If yours was like many other San Antonio marriages, then you may have elected to end your career in order to see to the matters of the home while your spouse became the primary income earner. Now that your marriage may be ending, you need to consider how to make ends meet now that that primary source of income is no longer in place. To supplement your living as you work to re-establish your own personal earning potential, the court may choose to award you spousal maintenance from your ex. This gives rise to the inevitable question of how is spousal maintenance determined.
The guidelines for determining adequate spousal maintenance listed in the Texas Family Code can be very complex. They include:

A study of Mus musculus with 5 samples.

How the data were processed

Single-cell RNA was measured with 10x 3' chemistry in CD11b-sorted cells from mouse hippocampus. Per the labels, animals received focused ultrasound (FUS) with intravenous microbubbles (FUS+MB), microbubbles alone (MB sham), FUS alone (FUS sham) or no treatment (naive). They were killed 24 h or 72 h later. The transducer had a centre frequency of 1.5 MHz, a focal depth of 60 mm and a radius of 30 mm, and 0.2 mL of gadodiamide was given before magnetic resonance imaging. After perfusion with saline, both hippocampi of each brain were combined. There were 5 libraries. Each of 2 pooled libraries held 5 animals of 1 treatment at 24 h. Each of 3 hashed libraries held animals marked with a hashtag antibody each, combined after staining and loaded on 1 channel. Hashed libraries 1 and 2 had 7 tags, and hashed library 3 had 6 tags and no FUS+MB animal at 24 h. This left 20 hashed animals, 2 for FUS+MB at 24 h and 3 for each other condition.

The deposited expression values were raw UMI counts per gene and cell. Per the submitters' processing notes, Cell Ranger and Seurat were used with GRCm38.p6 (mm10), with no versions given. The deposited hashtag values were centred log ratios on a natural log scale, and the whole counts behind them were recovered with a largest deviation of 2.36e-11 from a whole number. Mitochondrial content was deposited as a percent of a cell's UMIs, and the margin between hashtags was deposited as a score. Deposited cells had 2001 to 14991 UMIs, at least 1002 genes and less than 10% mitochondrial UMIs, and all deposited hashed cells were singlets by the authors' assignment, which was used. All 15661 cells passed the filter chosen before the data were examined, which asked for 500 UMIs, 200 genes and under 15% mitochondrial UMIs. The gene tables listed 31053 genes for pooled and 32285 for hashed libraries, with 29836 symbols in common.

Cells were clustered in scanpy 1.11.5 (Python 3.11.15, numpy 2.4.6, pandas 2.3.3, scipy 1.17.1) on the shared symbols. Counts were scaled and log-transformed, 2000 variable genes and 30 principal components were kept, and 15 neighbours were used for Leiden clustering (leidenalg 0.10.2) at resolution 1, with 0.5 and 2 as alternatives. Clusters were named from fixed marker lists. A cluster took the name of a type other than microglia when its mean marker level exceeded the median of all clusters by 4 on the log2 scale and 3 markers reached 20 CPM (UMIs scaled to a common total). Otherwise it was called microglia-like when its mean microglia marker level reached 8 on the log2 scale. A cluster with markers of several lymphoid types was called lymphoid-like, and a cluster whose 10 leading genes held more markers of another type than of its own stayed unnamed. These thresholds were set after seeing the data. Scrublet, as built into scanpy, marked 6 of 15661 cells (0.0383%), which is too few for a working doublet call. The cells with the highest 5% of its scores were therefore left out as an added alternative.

- Both you and your spouse’s age, education, work history, employable skills, and earning potential.
- Any property or assets that you brought into the marriage.
- Your contribution as a homemaker, or in allowing your ex to further his or her education and/or career.
- The amount of time that you were married.
- Your current financial, physical, and emotional state.
- Any incidents of marital misconduct, family violence, abnormal expenditures or fraud that may have occurred while you were married.
If you share children with your ex, his or her ability to make spousal maintenance payments on top of what he or she may already be required to pay in child support may also be considered.
It is important for you to remember, however, that the court will presume maintenance is not warranted unless you are already actively seeking ways to support your own needs or are in the process of expanding your skills to find a career that will make it easier to do so.